This is Who We Were: In the 1900s provides the reader with a deeper understanding of day-to-day life in America in the 1900s. Marked by rapid economic, industrial, and cultural change, the early 1900s was a turning point for America. Millions of immigrants flocked to America from Europe, and a new urban working class was formed. It was a decade filled with hard work, dedication and optimism, and most Americans lived, worked and built lives that were better than before.
Personal Profiles: 27 in-depth Personal Profiles examine the lives of individuals and families who lived during the 1900s. Each profile details life at home, at work, and in the community. Profiles also include original tables from the 1900 Census, reprinted exactly as they appeared then.
Historical Snapshots: consists of bulleted lists of significant events and milestones. These offer an amazing range of firsts and turning points in American history, including a few "can you believe it?" facts, such as:
- banning of Huckleberry Finn and Tom Sawyer from public libraries;
- employment of 1.7 million people in the railroad industry;
- sentencing of Frank Little to 30 days in prison for reading aloud The Declaration of Independence.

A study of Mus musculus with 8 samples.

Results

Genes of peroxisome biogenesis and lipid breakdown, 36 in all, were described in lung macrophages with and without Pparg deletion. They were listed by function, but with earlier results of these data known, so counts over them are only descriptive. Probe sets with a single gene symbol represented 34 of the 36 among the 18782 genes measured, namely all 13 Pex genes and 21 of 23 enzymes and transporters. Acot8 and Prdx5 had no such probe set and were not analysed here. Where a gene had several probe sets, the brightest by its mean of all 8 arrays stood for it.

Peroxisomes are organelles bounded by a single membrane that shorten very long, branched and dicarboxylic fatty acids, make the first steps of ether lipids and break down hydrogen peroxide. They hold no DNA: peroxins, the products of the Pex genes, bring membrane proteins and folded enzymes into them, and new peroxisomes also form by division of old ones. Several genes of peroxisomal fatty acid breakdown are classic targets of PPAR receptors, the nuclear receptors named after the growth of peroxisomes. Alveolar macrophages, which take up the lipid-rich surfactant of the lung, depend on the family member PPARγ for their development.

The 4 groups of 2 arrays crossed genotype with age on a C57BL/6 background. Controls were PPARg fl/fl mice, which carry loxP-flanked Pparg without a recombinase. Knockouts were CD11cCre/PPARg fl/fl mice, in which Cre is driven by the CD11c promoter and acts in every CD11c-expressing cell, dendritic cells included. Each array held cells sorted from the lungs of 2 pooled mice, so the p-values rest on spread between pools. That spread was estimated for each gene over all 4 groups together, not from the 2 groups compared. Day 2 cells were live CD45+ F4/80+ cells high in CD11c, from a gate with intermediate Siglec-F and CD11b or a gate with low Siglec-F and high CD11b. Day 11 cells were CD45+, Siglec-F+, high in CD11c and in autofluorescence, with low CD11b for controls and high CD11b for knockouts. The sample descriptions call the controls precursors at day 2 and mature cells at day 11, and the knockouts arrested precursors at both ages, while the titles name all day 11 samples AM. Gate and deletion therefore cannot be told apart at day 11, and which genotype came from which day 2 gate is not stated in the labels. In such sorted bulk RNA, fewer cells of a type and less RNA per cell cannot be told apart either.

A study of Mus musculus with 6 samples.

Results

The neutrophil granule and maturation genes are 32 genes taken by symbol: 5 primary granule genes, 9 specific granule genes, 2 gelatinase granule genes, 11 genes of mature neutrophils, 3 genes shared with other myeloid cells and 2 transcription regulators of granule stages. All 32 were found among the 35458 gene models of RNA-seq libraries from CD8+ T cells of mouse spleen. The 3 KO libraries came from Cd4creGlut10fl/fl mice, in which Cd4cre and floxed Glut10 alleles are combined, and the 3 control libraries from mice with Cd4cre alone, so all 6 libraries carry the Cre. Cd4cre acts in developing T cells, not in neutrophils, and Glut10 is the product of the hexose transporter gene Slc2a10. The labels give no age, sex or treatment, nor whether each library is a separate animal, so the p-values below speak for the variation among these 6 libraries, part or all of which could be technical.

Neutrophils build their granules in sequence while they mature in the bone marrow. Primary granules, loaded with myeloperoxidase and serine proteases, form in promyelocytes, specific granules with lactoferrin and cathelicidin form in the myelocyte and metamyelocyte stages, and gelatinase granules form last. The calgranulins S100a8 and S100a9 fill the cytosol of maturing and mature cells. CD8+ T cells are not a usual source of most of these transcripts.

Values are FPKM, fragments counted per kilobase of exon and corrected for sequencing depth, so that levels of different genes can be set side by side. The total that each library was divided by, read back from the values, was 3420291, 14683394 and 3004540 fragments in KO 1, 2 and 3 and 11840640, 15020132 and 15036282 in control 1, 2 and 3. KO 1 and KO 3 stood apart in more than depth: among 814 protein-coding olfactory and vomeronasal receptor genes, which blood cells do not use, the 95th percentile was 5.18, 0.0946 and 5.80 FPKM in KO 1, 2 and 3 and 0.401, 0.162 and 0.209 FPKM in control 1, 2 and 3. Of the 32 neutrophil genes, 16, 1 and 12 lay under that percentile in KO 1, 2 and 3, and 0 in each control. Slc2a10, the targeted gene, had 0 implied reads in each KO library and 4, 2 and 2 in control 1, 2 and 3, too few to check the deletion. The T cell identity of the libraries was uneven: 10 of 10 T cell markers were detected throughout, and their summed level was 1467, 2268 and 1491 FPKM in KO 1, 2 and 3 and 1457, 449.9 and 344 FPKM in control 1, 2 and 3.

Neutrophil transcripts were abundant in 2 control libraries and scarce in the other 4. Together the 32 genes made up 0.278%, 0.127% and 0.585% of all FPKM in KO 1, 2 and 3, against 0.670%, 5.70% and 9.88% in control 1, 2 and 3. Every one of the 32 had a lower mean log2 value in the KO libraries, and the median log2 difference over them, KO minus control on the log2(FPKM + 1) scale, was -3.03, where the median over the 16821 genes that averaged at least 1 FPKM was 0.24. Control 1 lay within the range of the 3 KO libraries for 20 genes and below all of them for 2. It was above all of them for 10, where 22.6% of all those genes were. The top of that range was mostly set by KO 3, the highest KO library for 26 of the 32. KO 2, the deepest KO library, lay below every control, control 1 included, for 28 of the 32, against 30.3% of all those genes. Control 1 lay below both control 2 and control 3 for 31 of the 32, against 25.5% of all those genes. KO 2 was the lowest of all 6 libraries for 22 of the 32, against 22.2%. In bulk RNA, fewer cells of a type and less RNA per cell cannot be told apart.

Economy of the Times: This section looks at a wide range of economic data, including food, clothing, transportation, housing and other selected prices, with reprints of actual advertisements for products and services of the time. This is a fascinating look at the economic picture of the 1900s and how the engine that drives our economy has changed.
At the end of the section is a Value of a Dollar Index that compares the buying power of $1.00 in 2016 to the buying power in every year, back to 1860.
All Around Us – What We Saw, Wrote, Read & Listened To: This section includes reprints of newspaper and magazine articles, letters, posters, and others items designed to help the reader focus on what was on the minds of Americans in the 1900s to show how popular opinion was formed and how American life was affected in this decade.
1900 Census Summary & Comparison Data: This section includes actual Census material, including a comprehensive U.S. report that summarizes individual responses along with a Comparison of Principal Cities charts population characteristics in 1900 for many cities, in 26 different interesting population characteristics.
This dynamic new title will benefit a wide range of academic, personal research, and curriculum needs, as both a serious research tool for students of American history as well as an intriguing climb up America's family tree. A truly unique and interesting look at what American life was like from 1900-1909, this volume is an important acquisition for high school, public, and academic libraries, as well as social science and history collections.